HL Deb 28 January 1986 vol 470 cc541-2

2.51 p.m.

Lord Underhill

My Lords, I beg leave to ask the Question standing in my name on the Order Paper.

The Question was as follows:

To ask Her Majesty's Government what progress has been made in implementing Section 51 of the Transport Act 1982 regarding Part III (fixed penalties) of that Act.

The Parliamentary Under-Secretary of State, Home Office (Lord Glenarthur)

My Lords, as my right honourable friend the Home Secretary announced in November, it is our intention to implement Part III of the Act on 1st October 1986. Guidance to chief officers of police about its operation has been issued in Home Office circulars, with the aim, so far as possible, of working towards uniformity.

Lord Underhill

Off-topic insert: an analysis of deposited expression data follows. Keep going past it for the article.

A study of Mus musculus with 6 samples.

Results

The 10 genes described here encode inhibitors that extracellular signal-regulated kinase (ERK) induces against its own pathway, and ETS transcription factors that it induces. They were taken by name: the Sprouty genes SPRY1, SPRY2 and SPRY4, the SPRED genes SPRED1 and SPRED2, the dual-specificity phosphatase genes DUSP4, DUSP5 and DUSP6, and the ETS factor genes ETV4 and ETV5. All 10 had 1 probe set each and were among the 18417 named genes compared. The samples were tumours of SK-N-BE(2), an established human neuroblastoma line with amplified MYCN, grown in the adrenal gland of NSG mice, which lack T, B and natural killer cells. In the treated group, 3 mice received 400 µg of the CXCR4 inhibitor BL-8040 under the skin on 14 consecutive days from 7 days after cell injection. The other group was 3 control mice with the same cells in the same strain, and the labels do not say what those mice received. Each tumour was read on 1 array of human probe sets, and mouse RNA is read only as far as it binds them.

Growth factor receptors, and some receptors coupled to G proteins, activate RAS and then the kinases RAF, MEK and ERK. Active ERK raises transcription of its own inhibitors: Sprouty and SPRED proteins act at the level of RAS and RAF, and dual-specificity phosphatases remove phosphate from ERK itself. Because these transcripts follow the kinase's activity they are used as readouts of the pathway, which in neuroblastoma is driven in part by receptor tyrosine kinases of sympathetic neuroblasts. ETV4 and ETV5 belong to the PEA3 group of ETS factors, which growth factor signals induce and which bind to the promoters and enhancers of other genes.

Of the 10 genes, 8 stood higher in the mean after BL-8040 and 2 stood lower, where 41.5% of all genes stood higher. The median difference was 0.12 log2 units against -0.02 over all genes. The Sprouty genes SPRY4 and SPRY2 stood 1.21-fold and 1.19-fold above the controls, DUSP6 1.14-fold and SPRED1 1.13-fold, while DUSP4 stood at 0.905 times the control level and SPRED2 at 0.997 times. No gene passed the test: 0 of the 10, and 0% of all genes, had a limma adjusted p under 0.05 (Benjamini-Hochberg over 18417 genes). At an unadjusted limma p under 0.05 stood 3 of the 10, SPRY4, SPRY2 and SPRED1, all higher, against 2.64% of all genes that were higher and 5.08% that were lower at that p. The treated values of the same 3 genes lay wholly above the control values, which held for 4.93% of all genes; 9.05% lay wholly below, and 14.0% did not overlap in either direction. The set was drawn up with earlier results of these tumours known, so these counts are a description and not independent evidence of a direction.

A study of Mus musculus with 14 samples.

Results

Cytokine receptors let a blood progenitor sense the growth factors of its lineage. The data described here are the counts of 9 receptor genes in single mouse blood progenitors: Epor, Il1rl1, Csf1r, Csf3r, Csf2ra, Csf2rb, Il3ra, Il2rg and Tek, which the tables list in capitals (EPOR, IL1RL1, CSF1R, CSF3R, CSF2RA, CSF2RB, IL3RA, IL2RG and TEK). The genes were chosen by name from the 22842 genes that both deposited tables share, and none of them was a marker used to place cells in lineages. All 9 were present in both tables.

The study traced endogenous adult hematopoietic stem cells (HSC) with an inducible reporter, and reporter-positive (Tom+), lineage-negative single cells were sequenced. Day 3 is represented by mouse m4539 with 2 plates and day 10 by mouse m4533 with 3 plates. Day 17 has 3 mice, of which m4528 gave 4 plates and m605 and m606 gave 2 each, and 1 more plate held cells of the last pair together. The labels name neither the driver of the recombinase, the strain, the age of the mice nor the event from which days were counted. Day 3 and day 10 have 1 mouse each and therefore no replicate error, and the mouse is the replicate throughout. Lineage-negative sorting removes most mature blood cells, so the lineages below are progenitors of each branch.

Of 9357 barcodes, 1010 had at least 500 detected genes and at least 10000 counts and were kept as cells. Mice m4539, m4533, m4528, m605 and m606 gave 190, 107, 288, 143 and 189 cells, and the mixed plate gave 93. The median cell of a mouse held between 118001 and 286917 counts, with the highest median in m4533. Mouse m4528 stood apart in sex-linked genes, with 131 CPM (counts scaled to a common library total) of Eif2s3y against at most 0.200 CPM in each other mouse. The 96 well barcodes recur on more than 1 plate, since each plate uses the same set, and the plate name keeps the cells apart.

My Lords, does the Minister appreciate how much I recognise what he has just said, that progress apparently has been made? Does he recall that I have raised this matter on previous occasions contending that it is the Secretary of State who has to give advice to chief officers? In correspondence with the Ministers at the Home Office, I have been told that they were awaiting comments from the traffic committee of the association of chief officers. Has the noble Lord also seen the 1984 booklet on motoring offences, which shows no improvement at all? Can I have the Minister's assurance that the guidance notes which are to be issued will ensure that the shocking disparities between one area and another will be removed in future?

Lord Glenarthur

My Lords, I am aware of the noble Lord's interest in this point. I can say that, while the guidance given should assist uniformity of application, the fixed penalty is one of several procedures available to the police to deal with relevant breaches of the law, and the decision as to which course of action to take in particular circumstances is a matter for the chief officer of police. Of course, discussions continue in various fora about this, but I note the noble Lord's concern.